Saturday, October 15, 2011

Jeju See That?

Wherever I went in South Korea people never neglected to recommend that I should visit Jeju. "Very pretty." "Sandy beaches." "Delicious oranges." "Good weather." Indeed, Jeju island is South Korea's Hawaii. As well as being the main holiday destination for locals it is also a volcanic island and is home to south Korea's highest peak, Hallasan, a dormant volcano. In fact the whole island is basically the mountain, whose main cone rises up in the very centre of the island and can be seen from everywhere (theoretically at least, although the peak is usually shrouded in mist). What makes it unique though, at least for geology geeks, is the numerous so-called "parasitic cones" (oreum in the native dialect) of which there are over 350 scattered around the island. Many are easily overlooked, but others form clusters of craters that pop unexpectedly out of the surrounding farmland and look distinctly otherworldly. Add to this some funky, hexagonal basalt blocks that spill into the sea and lava tubes that look like dragons' lairs and you have all the ingredients for a volcanic geologist's wet dream.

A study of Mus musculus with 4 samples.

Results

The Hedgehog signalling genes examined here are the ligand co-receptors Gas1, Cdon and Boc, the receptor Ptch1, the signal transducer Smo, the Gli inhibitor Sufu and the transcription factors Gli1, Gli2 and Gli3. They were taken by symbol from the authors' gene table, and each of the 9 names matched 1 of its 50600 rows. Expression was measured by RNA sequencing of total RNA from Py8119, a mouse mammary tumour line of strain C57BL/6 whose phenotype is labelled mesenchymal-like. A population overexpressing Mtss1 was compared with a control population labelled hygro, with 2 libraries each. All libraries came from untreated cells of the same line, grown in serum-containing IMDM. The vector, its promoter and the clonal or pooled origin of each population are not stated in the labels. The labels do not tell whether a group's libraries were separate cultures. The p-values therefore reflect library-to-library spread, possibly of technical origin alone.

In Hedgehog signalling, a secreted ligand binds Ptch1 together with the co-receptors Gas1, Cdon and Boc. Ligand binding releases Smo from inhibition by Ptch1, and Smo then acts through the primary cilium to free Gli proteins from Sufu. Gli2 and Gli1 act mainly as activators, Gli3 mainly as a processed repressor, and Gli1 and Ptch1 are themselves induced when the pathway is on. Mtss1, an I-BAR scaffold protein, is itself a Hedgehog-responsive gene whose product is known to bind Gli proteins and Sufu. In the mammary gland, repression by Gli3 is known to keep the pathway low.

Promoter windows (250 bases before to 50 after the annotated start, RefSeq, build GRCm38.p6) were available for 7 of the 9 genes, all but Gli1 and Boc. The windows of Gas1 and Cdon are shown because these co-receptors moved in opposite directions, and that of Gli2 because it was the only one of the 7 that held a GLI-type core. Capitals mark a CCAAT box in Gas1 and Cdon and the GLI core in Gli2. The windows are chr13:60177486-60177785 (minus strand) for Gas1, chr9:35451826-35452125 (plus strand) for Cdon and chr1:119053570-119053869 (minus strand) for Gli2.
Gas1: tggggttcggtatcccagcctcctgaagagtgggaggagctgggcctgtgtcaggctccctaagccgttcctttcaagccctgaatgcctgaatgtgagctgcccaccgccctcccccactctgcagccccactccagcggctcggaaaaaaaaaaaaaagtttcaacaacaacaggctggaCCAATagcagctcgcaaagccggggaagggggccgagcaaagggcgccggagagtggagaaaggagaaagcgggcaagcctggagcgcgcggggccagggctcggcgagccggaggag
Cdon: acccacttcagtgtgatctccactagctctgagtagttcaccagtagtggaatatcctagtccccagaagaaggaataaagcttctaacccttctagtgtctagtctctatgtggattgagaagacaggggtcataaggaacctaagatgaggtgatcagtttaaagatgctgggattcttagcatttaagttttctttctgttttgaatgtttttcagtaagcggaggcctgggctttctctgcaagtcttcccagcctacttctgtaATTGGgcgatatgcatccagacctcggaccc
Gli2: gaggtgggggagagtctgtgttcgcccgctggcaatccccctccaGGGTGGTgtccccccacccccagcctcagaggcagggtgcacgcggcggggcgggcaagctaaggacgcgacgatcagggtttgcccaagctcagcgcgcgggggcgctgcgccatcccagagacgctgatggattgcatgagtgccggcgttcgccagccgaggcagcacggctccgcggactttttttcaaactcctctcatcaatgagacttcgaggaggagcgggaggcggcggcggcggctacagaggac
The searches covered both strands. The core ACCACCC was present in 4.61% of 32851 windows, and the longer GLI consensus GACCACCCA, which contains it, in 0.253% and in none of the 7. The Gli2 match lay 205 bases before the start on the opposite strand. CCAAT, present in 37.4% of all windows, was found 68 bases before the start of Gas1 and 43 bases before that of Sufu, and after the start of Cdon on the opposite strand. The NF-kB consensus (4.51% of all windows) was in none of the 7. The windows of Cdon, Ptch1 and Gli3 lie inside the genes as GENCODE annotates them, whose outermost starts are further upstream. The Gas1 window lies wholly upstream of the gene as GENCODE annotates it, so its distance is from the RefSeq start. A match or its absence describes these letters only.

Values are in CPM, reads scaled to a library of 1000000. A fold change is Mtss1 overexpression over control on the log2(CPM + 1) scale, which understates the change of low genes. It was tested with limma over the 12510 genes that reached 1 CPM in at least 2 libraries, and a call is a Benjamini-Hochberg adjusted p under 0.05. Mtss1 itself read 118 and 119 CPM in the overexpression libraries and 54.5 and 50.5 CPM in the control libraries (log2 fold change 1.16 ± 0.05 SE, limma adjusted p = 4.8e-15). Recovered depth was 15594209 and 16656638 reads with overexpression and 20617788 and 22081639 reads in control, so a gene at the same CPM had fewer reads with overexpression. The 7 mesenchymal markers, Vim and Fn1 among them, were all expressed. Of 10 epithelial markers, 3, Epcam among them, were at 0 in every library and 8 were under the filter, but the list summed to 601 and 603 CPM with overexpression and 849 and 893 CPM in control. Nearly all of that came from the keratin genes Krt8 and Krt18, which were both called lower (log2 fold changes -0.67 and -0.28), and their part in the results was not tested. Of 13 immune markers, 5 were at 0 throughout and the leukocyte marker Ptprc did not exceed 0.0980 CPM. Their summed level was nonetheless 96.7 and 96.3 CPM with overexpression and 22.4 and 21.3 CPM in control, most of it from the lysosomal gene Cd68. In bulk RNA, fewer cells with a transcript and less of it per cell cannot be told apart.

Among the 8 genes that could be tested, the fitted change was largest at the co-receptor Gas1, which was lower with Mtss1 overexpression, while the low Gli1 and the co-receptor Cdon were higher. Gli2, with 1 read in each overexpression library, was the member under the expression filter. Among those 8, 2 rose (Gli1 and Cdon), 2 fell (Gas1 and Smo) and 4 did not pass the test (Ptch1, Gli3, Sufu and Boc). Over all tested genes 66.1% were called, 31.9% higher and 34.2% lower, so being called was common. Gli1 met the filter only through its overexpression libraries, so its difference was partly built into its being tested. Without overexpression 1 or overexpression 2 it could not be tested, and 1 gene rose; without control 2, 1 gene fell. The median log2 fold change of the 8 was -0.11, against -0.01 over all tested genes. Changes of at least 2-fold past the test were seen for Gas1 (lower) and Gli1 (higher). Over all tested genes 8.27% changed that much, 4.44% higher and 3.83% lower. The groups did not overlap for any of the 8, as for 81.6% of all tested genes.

View of some oreum peeking out of the mist on the way up Hallasan.

Of course I had to bag Hallasan as it is South Korea's highest mountain, and at 1950m with a nice, well-maintained path to the top it's a straightforward walk. Though that doesn't stop older Koreans from making a meal of it with their hiking sticks and all weather gear. It was amusing to see how the sticks were more of a hindrance than a help as they often got caught in cracks and poked into their co-climbers. And whilst the slog up along the main trail was rather unspectacular as it passed through low, brushy forest, with plenty of mist, the descent along a less popular, but more open, trail afforded vistas of the entire island and forests in their autumn finery as the clouds were burned away with the strengthening sun.

Autumnal colours on the descent from Hallasan.

To keep the many Korean holidaymakers who are not into hiking happy Jeju is also crammed full of assorted museums, some are about aspects of the island's culture but many have no connection whatsoever to the island. So there's a citrus museum and one dedicated to local rock carvings as well as a paper doll museum, teddy bear museum and even a chocolate museum. Some museums seem so popular that there are three of them, so the island boasts three peace museums, three folklore museums and even, for some strange reason I cannot begin to fathom, three sex museums (unlike their Japanese neighbours, the Koreans are rather prudish when it comes to sex).

The oranges (possibly tangerines/clementines/satsumas/mandarines or other similar agrume) for which Jeju is famous in South Korea (so of course there is a museum dedicated to them too).